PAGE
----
Opening a business bank account is a critical step for a business of any size. Aside from the legal reasons to keep personal and business funds separate, there are also tax ramifications to consider.
WHY YOU NEED A BUSINESS BANK ACCOUNT
Bank account needs vary for every business at different stages of growth. However, one thing is universal – having a business bank account helps to prevent against potential liability issues. Assuming you’ve already set up your business properly as an LLC, S Corporation, or C Corporation and also obtained business insurance, opening up a bank account separate from your personal finances is a logical next step. It’ll allow you to avoid co-mingling funds, and will provide for a more organized setup come tax season. Lastly, it’s important to represent your business as a legitimate, viable entity, and a proper business bank account will do just that.
WHY YOU NEED A BUSINESS BANK ACCOUNT NOW
The sooner you differentiate your personal and business finances, the better position you’ll be in to successfully file taxes. Separating business expenses from a personal bank account can be time consuming and cumbersome. Establishing these disciplined habits early will prevent costly penalties related to IRS audits. For example, there are strict IRS rules surrounding working from home and what can be deducted as business expenses. If you’re using your personal bank account for legitimate business deductions, the IRS may frown heavily upon this.
IMPORTANT BUSINESS BANK ACCOUNT CONSIDERATIONS
If you have a general idea of your business’s potential growth trajectory, choosing the right business bank account early can help you avoid costly opportunity costs related to switching, including, but not limited to, invoicing, payroll, credit card payments, and ancillary benefits from the right bank – venture debt loans, small business loans, business credit cards, etc.
Here are top considerations throughout the business bank account buying process:
- Do you have relevant experience?
- What size business do you typically service?
- How responsive are you?
- What are your contract terms & conditions of service?
- What services and reporting are covered under this agreement?
- Do you charge for basic advice?
- Is there a minimum monthly fee for this business checking account? If so, is there a minimum monthly balance required to waive this fee?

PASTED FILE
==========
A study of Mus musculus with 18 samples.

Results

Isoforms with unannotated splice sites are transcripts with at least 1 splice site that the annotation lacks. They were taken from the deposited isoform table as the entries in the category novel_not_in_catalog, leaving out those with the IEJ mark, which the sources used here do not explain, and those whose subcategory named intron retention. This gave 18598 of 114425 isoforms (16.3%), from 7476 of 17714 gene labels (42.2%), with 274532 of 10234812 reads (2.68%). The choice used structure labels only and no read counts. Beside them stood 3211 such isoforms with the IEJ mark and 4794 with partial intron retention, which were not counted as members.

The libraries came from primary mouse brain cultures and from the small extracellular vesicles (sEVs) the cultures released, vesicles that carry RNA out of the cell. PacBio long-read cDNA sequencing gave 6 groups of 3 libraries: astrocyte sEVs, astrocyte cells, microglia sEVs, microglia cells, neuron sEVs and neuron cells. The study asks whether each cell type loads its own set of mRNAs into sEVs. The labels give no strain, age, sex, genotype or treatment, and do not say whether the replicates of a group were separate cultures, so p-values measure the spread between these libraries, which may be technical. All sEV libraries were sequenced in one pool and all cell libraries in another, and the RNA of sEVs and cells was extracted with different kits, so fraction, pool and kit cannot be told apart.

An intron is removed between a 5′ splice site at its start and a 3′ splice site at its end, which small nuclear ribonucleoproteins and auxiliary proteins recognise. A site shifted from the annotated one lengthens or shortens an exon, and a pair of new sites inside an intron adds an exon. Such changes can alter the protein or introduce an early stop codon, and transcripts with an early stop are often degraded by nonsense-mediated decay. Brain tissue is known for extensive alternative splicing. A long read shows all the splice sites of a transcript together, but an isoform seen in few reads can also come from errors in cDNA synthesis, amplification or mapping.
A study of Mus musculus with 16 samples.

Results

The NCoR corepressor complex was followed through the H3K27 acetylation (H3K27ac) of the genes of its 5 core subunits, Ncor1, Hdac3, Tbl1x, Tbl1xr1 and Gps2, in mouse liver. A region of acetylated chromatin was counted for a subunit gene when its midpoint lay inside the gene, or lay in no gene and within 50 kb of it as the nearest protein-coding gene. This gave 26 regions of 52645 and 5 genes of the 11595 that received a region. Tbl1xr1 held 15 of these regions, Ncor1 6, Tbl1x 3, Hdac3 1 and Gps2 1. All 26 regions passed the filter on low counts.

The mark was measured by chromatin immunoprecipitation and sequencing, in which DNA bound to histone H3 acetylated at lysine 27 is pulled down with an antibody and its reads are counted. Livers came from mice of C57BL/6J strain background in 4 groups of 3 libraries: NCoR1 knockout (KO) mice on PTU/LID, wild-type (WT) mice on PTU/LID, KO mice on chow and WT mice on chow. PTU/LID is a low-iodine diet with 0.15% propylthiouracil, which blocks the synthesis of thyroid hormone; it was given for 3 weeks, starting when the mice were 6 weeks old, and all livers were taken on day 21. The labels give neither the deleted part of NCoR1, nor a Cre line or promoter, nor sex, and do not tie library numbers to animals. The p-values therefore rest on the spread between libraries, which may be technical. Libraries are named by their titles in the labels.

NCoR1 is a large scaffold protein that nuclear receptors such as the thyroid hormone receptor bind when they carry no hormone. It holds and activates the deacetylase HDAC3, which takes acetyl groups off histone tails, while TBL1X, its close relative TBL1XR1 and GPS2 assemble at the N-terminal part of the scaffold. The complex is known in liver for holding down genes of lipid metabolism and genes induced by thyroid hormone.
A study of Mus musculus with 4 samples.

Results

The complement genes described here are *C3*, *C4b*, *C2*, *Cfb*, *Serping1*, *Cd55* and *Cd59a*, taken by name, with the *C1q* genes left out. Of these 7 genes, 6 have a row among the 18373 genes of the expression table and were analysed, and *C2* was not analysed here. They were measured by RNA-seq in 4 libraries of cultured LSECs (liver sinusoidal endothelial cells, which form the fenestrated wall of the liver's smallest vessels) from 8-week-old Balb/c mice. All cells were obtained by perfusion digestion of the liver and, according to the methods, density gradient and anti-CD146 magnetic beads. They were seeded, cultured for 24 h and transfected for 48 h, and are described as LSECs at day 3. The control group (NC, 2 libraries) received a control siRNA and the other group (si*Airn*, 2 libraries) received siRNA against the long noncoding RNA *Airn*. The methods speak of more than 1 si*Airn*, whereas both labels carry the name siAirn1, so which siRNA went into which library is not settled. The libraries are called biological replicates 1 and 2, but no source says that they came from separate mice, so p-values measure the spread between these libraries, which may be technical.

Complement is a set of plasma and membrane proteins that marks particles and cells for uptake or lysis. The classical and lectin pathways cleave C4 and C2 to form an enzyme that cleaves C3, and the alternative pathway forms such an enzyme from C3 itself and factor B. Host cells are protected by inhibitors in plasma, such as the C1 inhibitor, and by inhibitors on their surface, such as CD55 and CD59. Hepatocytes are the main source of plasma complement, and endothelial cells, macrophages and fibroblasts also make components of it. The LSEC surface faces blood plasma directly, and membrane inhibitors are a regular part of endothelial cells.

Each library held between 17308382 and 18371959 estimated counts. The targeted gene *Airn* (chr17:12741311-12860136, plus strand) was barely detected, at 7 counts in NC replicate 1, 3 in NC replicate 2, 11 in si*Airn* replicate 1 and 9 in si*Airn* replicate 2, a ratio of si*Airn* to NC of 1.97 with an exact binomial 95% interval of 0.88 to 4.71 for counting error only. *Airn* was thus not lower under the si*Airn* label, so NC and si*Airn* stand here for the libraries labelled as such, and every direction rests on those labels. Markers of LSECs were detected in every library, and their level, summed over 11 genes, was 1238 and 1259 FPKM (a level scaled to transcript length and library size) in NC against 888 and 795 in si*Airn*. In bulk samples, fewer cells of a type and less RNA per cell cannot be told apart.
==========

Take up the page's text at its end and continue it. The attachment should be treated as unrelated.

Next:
- Can you send me a list of all other fees related to other services like wire transfers?
- Are you equipped to help me with other banking products as my business scales (or now)? These products would include things like venture debt, small business loans, and payroll.
- What interest rates do you offer for your checking and savings accounts?
- Do you integrate seamlessly with any third party software? For example, Bank of America business checking integrates with, and offers free payroll via Intuit.
Business bank account fees vary, but generally speaking, minimum monthly fees can be waived while maintaining a minimum monthly balance or utilizing additional business products for a given bank. Banks that specialize in small business or startups might also waive these fees outright, no matter the balance – just ask. It’s also important to consider additional prices and fees for business bank accounts, such as wire transfers, ATM fees and bounced checks.
It’s important to read through your bank account’s general terms and conditions before signing anything. It’s usually unlikely that there will be a minimum contract length, but there might be fees related to withdrawing all funds and closing an account.
Are they available to you when you need them? Some bank account customer service teams might work non-holiday business hour only, others might be available to you after hours and on the weekends. When speaking with references, inquire about their level of satisfaction with customer support.
Ask for the ability to speak with businesses in similar industries, of similar size, and with similar accounting needs. If possible, try to identify a client that they don’t list as a reference to perhaps learn some of the downfalls with the firm.